Qol Tamid: The Shofar in Ritual, History, and Culture
Ed: Jonathan L. Friedmann & Joel Gereboff
From biblical times until today the shofar has served an array of practical purposes and communicated a range of symbolic meanings. The roughly seventy references to the shofar in the Hebrew Bible show four stereotypical functions: announcing the divine presence, accompanying sacred ceremonies, proclaiming kingship, and signaling on the battlefield. In addition to the above purposes, the shofar served as a symbol for messages of joy, fear, group identity, and redemption. This volume, written by prominent Jewish scholars and faith leaders, examines the role of the shofar in the Hebrew Bible and subsequent Jewish life, including even appearances in popular literature of the present day.
Carved and engraved goat’s horn
Length 450 mm (17.7 inch) 19th century
acquired as part of the wartime shipment of 1942-1945, collection point Kolín on display at the JMP's permanent exhibition in the Klausen Synagogue
Brooklyn Museum: 18th-century shofar with 20th-century Hebrew inscription, from the Bible (Genesis 22:13), that reads: "And Abraham lifted up his eyes and looked behind him a ram caught in a thicket by his horns; and Abraham went and took the ram, and offered him up for a burnt-offering instead of his son."
14 1/2 x 6 1/2 in. (36.8 x 16.5 cm).
Report of the US National Museum, 1899; "Descriptive catalogue of a collection of objects of Jewish ceremonial deposited in the U. S. National museum by Hadji Ephraim Benguiat",
Cyrus Adler and I.M. Casanowicz.
Plate 9, Ram's Horn, Catalog Number 154589, U.S.N.M., http://hdl.handle.net/2027/hvd.hn5k3x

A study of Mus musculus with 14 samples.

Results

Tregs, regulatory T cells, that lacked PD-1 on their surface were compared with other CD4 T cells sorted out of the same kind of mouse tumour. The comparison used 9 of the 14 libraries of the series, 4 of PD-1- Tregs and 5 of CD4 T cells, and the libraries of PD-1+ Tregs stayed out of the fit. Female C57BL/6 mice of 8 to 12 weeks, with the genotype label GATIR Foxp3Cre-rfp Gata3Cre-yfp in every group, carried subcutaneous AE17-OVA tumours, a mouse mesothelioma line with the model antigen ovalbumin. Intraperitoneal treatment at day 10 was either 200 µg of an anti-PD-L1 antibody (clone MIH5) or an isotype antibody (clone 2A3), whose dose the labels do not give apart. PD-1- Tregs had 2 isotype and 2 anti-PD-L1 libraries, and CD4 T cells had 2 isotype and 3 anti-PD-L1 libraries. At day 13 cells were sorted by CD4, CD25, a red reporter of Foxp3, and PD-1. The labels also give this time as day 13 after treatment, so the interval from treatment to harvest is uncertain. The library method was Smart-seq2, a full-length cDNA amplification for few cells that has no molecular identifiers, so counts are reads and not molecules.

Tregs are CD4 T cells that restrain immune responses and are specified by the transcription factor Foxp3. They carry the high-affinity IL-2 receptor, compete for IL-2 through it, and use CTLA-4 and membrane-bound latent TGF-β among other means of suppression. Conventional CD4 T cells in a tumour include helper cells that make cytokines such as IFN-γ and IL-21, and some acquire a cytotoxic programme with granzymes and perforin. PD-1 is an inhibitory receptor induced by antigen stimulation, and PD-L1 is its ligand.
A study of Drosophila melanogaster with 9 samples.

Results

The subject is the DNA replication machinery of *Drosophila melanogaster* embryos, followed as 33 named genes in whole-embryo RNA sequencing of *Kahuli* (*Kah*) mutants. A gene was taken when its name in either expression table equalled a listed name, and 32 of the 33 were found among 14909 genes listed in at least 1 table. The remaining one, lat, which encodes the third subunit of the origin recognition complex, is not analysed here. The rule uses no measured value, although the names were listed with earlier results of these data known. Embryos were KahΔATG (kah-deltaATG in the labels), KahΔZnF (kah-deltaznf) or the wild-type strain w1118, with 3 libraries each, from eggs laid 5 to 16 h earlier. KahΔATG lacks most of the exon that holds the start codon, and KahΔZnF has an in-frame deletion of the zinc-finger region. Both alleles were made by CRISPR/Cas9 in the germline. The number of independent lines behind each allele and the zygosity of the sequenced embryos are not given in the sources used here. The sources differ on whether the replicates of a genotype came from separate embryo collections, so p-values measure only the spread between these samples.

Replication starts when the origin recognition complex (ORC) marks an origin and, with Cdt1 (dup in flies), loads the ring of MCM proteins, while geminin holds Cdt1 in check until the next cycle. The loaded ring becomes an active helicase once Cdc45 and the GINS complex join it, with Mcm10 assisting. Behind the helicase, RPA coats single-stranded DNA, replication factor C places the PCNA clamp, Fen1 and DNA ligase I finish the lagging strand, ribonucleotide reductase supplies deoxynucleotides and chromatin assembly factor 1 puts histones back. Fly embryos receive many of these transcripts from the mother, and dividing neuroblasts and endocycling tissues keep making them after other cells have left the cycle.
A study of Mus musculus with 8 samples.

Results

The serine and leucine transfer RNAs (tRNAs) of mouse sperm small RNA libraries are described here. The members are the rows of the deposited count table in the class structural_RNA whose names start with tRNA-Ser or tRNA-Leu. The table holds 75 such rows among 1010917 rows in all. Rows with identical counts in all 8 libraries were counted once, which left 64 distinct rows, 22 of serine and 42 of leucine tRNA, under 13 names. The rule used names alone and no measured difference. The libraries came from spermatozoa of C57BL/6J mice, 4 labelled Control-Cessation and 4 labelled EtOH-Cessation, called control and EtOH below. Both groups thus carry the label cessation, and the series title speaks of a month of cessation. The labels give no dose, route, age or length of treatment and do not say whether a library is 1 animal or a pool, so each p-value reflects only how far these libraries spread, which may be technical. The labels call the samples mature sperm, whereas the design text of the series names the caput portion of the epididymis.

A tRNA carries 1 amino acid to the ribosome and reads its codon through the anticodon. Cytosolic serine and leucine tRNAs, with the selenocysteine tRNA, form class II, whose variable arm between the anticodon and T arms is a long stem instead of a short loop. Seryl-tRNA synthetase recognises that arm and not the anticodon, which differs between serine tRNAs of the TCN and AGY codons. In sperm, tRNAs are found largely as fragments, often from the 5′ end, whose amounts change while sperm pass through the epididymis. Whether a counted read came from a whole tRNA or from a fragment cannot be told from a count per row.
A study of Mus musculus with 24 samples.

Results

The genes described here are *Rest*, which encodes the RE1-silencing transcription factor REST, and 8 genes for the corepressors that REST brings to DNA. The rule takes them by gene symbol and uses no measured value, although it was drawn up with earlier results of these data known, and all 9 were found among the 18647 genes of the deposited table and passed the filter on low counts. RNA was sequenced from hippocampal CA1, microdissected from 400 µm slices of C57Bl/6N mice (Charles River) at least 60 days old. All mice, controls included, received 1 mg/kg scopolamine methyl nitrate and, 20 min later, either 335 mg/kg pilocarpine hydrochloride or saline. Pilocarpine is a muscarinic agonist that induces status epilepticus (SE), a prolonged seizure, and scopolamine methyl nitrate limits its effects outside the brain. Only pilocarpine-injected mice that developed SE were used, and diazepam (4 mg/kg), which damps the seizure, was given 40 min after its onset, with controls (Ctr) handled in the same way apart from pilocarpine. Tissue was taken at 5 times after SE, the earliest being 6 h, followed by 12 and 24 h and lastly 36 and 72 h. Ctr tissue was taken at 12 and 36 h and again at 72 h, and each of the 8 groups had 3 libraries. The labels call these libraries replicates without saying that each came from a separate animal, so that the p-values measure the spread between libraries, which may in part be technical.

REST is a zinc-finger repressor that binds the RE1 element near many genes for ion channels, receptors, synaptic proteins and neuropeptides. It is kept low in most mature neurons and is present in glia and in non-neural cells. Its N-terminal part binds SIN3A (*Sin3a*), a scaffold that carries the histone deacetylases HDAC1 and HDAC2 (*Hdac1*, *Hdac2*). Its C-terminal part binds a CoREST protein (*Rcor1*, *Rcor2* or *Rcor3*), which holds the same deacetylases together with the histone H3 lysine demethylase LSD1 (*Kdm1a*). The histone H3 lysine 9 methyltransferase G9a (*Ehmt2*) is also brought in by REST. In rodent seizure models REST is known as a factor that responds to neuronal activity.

This work is a comprehensive treatment of the music of Biblical and early Talmudic times. It is thoroughly documented, setting forth the origins, forms and ethos of Hebrew music. It draws upon the most recent archaeological discoveries and contemporary Biblical research, dealing not only with sacred music, but also the broad field of ancient secular music which up to now has been only dimly comprehended. Of special interest to the Christian world in this period of ecumenical discussion is the clarity with which Dr. Sendrey interprets the common musical legacy shared between Judaism and Christianity. // Dr. Sendrey is Professor of Musicology at the University of Judaism in Los Angeles and is widely known in the world of musicology for his important Bibliography of Jewish Music, published by Columbia University Press (1951). This work is today the primary source book for Jewish music research and is used throughout the world. // Alfred Sendrey was a Hungarian-American conductor and composer. A pupil of Koessler at the Budapest Academy (1901-5), he worked in Germany, the USA and Austria as an opera conductor, (also of the Leipzig SO, 1924-32), then moved to Paris (1933-40) and finally to the USA, where he completed his studies of Jewish music.